Lack of funding forces Penfield to drop LexisNexis

LexisNexis, a popular online legal database, is no longer available at Penfield Library. It offered a valuable research guide for students, including archives of magazines, newspapers and legal documents. The program was an asset for students studying business, education and communications.

According to Mary Bell, director of Penfield Library, funding was the big deciding factor in cutting the program. The library, like many other areas on campus, has been suffering from a large budget loss this year. Adding to the financial stress, the library has had to deal with the constant rising inflation rates for library materials like books, periodicals and databases like LexisNexis.

"We tried to spread out the cuts in a way that doesn’t damage academic programming," Bell said. "The major issue was that the cuts came kind of late in the year so there wasn’t a lot of time to really determine exactly where we would make cuts. We are in enough of a financially difficult time that there wasn’t a lot of choice – something had to go."

John K. Smith, chairperson of the communications department, added that it’s better that a database had to go instead of a teaching position.

"It’s always regrettable when we lose a database like that, however I tend to be sympathetic with the university," Smith said. "Would you rather lose a professor? Would you rather lose heat in a building? Certainly it’s regrettable, but there could be other things that would be even more vital."

Bell said the library administration took a very close look at all of their databases to determine where there was an overlap in offered material, and eliminated those databases, "thereby hopefully creating the least possible damage that we could."

"We are trying to do it in the most conscientious way we can – we put many many hours into the process of deciding," Bell said. "Our money is very tight, but we are doing the best we can to not cut content that is really unique, and we are not cutting anything that is needed for accreditation for programs. Thankfully the situation hasn’t gotten, at this point, bad enough that we’ve had to even consider those things."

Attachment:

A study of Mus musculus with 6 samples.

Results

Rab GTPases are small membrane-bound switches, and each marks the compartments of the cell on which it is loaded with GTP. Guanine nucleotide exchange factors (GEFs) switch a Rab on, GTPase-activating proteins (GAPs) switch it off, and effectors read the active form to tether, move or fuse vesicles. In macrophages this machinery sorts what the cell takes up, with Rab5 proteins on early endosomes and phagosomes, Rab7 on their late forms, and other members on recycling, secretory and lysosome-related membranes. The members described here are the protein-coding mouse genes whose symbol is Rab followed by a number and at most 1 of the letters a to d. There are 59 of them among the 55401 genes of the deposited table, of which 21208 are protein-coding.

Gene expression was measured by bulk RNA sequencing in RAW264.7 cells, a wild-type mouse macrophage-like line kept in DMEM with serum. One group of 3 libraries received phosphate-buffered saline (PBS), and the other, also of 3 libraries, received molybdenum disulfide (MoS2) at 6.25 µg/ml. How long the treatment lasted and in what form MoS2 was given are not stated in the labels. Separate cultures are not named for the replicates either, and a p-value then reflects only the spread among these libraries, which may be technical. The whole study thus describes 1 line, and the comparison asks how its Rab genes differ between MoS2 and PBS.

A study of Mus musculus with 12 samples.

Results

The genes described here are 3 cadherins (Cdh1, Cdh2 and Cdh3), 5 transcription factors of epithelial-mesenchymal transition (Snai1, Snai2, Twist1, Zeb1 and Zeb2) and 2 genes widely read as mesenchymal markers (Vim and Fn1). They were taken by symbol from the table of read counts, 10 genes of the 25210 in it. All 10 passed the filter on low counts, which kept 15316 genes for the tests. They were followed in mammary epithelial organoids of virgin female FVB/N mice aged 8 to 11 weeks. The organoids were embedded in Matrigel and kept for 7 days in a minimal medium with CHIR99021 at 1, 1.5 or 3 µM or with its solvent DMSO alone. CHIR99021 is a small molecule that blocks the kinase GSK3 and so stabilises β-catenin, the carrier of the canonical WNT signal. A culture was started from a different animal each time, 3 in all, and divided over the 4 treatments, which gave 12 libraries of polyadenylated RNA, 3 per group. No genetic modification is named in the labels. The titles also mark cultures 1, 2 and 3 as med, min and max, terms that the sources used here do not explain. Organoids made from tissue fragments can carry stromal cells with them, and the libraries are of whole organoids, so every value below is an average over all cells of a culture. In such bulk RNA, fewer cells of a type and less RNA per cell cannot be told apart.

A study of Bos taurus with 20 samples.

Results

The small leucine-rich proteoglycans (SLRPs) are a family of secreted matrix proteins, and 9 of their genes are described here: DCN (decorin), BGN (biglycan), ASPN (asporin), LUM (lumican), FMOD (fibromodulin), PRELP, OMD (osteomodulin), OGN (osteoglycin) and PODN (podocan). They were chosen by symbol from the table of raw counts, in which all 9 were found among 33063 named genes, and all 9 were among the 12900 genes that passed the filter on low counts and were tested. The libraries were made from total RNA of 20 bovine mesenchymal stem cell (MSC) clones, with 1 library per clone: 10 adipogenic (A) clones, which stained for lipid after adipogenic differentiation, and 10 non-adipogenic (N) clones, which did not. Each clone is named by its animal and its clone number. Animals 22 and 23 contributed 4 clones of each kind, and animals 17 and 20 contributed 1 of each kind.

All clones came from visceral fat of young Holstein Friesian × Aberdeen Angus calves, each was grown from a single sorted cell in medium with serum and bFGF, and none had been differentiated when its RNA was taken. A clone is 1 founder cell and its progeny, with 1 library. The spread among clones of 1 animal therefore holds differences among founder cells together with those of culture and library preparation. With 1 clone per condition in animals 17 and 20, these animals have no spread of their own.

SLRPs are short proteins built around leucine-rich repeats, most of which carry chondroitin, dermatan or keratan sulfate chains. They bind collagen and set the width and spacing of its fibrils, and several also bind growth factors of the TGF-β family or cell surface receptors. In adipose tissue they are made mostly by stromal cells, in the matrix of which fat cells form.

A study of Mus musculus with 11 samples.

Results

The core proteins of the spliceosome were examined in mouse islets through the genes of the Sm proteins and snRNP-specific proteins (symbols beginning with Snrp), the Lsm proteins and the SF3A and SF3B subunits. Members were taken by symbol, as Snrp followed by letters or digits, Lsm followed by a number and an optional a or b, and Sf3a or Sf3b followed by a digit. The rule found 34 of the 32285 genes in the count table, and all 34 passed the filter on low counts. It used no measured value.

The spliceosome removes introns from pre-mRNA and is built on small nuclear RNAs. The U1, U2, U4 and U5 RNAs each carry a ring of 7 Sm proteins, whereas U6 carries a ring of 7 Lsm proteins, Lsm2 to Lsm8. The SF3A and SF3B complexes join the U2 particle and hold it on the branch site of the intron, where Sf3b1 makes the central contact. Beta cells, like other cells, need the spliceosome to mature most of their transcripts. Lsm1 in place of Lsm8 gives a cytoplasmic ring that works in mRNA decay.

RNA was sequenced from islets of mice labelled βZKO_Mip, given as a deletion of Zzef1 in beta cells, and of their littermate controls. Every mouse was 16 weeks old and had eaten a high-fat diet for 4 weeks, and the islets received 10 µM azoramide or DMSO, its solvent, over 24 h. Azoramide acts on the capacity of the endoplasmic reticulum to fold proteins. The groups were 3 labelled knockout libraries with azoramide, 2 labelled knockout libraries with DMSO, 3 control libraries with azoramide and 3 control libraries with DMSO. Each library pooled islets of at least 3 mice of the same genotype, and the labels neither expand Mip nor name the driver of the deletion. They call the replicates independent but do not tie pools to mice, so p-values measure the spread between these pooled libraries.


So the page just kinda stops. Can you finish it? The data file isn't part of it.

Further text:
Some of the databases could not be cut, like Science Direct, a science database Oswego State bought through the SUNY system. While its cost increased tremendously, skyrocketing from $15,000 to $30,000, the library "cannot afford to lose those science titles," Bell said.

Other databases, like LexisNexis, were deemed not as necessary due to their likeness to other subscriptions already on campus. The LexisNexis subscription cost the library $14,000 a year. When added to their subscription to the similar database Westlaw Campus Research, they were paying $28,000 annually. The databases hold very similar material, said Bell, so they decided to keep only one database. They contacted law schools, who all recommended keeping Westlaw.

"They told us, ‘if you can’t afford both, the best one to keep is Westlaw,’" Bell said. Westlaw has "pretty much a direct overlay of the same kinds of materials as LexisNexis."

Richard Skolnik, dean of the School of Business, said the faculty and students in his department "will adjust to the loss of LexisNexis by using Westlaw and SUNY Connect, a virtual library-wide initiative."

Students who relied on LexisNexis last year have other options available for them this year. In addition to Westlaw and SUNY Connect, the library continues to stock multiple electronic resources and some print sources as well. Last year the library had subscriptions to about 3,700 print journals. This year, although they have less print sources, the number of electronic sources utilized in Penfield Library have increased exponentially.

"Now, with electronic journal publications, we actually have about 35,000 journals," Bell said, who noted the electronic sources have been a tremendous help for the library. "We have very little print, but ultimately we have way larger numbers of journals," she added.

Bell also said that if there is a title a student needs that is not available anymore because of the loss of LexisNexis, they can still get it. The library has set aside a few thousand dollars for this purpose. Bell added, however, that "the unique content loss was minimal."

Skolnik added that the inter-library loan system could also help students who relied on LexisNexis. It can allow students to view an article they need even if Penfield Library does not have access to the entire journal.

"It is especially helpful because of the electronic delivery of articles," he said.

The budget cut that led to the removal of LexisNexis is not the only thing the library has to worry about. Adding to the library’s financial stress will be the next round of proposed budget cuts for next year to all SUNY schools by the New York state government.

Bell said, "The campus doesn’t know how big the cut will be. We have no idea how the library will be impacted by it. Everybody’s worried about the next cuts." The state is in such a bad situation financially that it doesn’t look like there is any relief in the near future.

"I think it’s such a shame that higher education is one of the areas that’s really suffering in New York state," Bell added. "It’s not just Oswego, it’s all of SUNY. All of the libraries have taken on some reductions in their budgets. We are all struggling in the same way."